CBS analyst Clark Kellogg latest celeb to visit Historic Hoosier Gym

Hoosier Gym directors (front row from left) include Neil Shaneyfelt, Mike Smoot, Mervin Kilmer, William Gorman and Tom Hoepf. In the back row (from left) are Dave Lower, Athletes in Action events director; Clark Kellogg; and Luke Simons, Athletes in Action men’s basketball staff. Photo courtesy of Valerie Zimmerman, Athletes in Action.

Hoosier Gym directors (front row from left) include Neil Shaneyfelt, Mike Smoot, Mervin Kilmer, William Gorman and Tom Hoepf. In the back row (from left) are Dave Lower, Athletes in Action events director; Clark Kellogg; and Luke Simons, Athletes in Action men’s basketball staff. Photo courtesy of Valerie Zimmerman, Athletes in Action.

KNIGHTSTOWN, Ind. (ACNI) – In a scene from the movie Hoosiers, Coach Norman Dale, played by Gene Hackman, takes a deep breath and says to himself, “Welcome to Indiana basketball,” as he opens a door and steps into an old gymnasium packed with boisterous fans.

Fans of the movie recall this and other memorable scenes when they visit the Historic Hoosier Gym, which was picked as the home court of the Hickory Huskers for filming in the fall of 1985. The movie is based on the true story of tiny Milan defeating powerful Muncie Central on a last-second basket and thus winning the 1954 Indiana high school basketball championship. Considered one of the top sports movies of all time, it’s a classic all-American story of the underdog prevailing with hard work, grit and determination.

Peg Mayhill, wife of newspaper publisher Tom Mayhill, was one of several civic-minded women who successfully lobbied the Indiana Film Commission to consider the Knightstown gym as a location for the movie.

Built in 1921 with funds donated by the citizenry, the gym was the home of Knightstown High School basketball teams until 1966. With seating for about 650 fans on fixed wooden stands, the gym was regularly filled to capacity for varsity games on Friday and Saturday nights. After the local school district built a new high school and abandoned the old gym in the 1980s volunteers came to the rescue. The popularity of the film provided impetus to renovate the gym, which is now owned by the town.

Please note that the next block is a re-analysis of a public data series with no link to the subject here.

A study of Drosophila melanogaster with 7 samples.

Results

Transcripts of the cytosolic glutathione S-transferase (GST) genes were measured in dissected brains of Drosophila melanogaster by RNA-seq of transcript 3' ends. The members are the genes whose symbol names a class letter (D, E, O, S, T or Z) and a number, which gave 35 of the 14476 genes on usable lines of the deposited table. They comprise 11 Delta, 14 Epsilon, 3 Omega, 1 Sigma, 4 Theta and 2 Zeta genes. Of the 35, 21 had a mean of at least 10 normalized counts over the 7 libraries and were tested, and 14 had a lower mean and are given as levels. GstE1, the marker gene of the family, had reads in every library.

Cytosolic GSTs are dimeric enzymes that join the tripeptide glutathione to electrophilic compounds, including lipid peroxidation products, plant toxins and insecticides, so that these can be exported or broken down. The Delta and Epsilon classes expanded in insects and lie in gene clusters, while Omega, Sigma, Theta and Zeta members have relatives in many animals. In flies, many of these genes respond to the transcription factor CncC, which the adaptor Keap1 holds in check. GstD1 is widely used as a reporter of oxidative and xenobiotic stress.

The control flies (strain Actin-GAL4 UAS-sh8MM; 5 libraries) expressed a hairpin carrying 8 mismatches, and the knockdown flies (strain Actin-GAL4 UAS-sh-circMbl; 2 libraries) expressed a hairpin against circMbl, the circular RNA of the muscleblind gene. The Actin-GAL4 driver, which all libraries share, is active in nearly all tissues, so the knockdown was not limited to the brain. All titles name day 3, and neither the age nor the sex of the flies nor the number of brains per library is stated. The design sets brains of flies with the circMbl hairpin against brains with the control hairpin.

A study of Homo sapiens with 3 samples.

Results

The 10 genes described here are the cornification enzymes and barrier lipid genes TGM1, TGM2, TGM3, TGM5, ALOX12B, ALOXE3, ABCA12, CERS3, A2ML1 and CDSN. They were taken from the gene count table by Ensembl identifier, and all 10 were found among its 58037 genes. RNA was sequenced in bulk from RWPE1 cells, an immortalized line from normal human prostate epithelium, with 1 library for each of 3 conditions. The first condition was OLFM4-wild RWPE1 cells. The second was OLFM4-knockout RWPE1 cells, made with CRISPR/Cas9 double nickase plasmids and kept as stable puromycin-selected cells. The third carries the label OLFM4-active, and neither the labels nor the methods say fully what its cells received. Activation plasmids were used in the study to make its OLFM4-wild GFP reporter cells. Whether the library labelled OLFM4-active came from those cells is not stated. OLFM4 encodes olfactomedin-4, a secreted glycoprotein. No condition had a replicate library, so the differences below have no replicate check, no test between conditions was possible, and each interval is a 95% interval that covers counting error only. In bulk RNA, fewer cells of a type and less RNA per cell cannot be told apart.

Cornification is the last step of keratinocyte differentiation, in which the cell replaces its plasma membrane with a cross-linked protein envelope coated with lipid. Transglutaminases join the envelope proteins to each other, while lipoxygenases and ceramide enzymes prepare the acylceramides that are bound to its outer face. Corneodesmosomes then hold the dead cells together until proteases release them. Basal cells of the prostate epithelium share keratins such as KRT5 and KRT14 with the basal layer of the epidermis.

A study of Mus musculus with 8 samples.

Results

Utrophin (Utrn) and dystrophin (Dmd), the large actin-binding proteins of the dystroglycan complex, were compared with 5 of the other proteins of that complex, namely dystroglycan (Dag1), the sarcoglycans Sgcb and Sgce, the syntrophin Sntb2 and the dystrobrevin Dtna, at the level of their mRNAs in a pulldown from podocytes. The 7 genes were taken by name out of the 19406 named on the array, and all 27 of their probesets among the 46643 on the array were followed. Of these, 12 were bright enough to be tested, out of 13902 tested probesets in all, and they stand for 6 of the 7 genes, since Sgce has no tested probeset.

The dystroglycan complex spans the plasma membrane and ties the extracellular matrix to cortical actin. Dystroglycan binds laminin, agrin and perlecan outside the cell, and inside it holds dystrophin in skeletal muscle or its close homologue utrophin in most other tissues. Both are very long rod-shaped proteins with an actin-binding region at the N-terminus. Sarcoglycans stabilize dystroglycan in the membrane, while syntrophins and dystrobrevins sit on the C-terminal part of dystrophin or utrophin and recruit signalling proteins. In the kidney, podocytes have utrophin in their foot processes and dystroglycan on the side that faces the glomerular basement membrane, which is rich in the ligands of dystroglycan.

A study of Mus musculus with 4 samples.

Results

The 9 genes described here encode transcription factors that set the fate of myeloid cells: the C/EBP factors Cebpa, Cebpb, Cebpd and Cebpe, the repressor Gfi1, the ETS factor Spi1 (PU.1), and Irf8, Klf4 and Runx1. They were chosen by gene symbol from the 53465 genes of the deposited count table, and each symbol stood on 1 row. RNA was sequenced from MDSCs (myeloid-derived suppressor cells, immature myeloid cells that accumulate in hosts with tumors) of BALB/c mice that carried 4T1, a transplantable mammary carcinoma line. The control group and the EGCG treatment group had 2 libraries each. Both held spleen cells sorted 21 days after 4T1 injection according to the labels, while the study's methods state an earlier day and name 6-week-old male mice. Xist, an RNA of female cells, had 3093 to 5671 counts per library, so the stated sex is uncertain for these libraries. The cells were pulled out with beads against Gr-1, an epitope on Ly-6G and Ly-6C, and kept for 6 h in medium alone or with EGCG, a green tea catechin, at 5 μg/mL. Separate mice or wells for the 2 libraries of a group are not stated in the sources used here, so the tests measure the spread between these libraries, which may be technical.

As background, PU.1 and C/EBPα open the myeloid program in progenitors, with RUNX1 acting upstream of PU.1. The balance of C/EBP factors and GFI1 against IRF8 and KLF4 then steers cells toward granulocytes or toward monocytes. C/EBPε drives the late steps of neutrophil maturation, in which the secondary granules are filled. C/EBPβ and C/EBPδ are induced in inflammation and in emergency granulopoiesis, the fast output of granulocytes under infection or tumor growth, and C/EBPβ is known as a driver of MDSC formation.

The facility is now Knightstown’s community center, where children learn the game of basketball on the same court where their grandparents played. Meanwhile, visitors from across the nation and around the world experience the Hoosier Gym with the same awe that struck Coach Dale in his opening game there.

Just as impressed are the numerous basketball stars and sports celebrities who have come to the Hoosier Gym to tape TV spots and commercials. NBA greats Larry Bird, Magic Johnson, Lebron James and Carmelo Anthony met at the Hoosier Gym in June 2004 for an ESPN special titled Two on Two, hosted by Jim Gray.

Recently CBS college basketball analyst and former NBA player Clark Kellogg spent several hours at the Hoosier Gym taping scenes for a promotional video for Athletes in Action sports ministry. The video will be presented at the AIA’s Legends of the Hardwood Breakfast on April 3 during the NCAA Final Four weekend in Indianapolis.

The 6-foot-7 Kellogg, Big Ten Conference MVP of 1982 while playing for Ohio State, recalled key scenes from the movie with the historic gym as his stage.

Like all visitors to the Hoosier Gym, Kellogg couldn’t turn down the opportunity to take a few shots.

“I can still shoot,” said Kellogg, making a shot from beyond the free throw line. “I just can’t jump.”

Picked eighth in the 1982 NBA draft by the Indiana Pacers, Kellogg retired after five seasons because of chronic knee problems.

Kellogg has been a college basketball analyst for CBS sports for the past 17 seasons. Last season was his first as the network’s lead analyst for the NCAA Final Four tournament, working with play-by-play announcer Jim Nantz.

After the shoot the affable Kellogg graciously autographed a number of Hoosier Gym souvenirs that will be offered later in fund-raisers.

Everyone who met Kellogg during his visit to the Hoosier Gym agreed that he is deserving of his nickname, Special K.

The Hoosier Gym is open daily except holidays. It is located at 355. N. Washington St., three blocks north of U.S. Route 40 (Main Street).

On the Web:

www.thehoosiergym.com

www.athletesinaction.org

www.legendsbreakfast.net

About the author: In his spare time, Auction Central News Associate Editor and former sports writer Tom Hoepf serves as secretary of the Hoosier Gym Community Center of Knightstown.

# # #


ADDITIONAL LOTS OF NOTE


CBS basketball analyst Clark Kellogg prepares to deliver his lines for a video, which was videotaped at the Hoosier Gym in Knightstown, Ind. Kellogg is seated in the locker room where Hickory Huskers suited up for their home games in the movie ‘Hoosiers.’ Photo by Tom Hoepf.

CBS basketball analyst Clark Kellogg prepares to deliver his lines for a video, which was videotaped at the Hoosier Gym in Knightstown, Ind. Kellogg is seated in the locker room where Hickory Huskers suited up for their home games in the movie ‘Hoosiers.’ Photo by Tom Hoepf.


Luke Simons of Athletes in Action and Clark Kellogg talk basketball in the lobby of the Hoosier Gym. In the background is a team photo of the Hickory Huskers, including actor Gene Hackman as Coach Norman Dale. Photo by Tom Hoepf.

Luke Simons of Athletes in Action and Clark Kellogg talk basketball in the lobby of the Hoosier Gym. In the background is a team photo of the Hickory Huskers, including actor Gene Hackman as Coach Norman Dale. Photo by Tom Hoepf.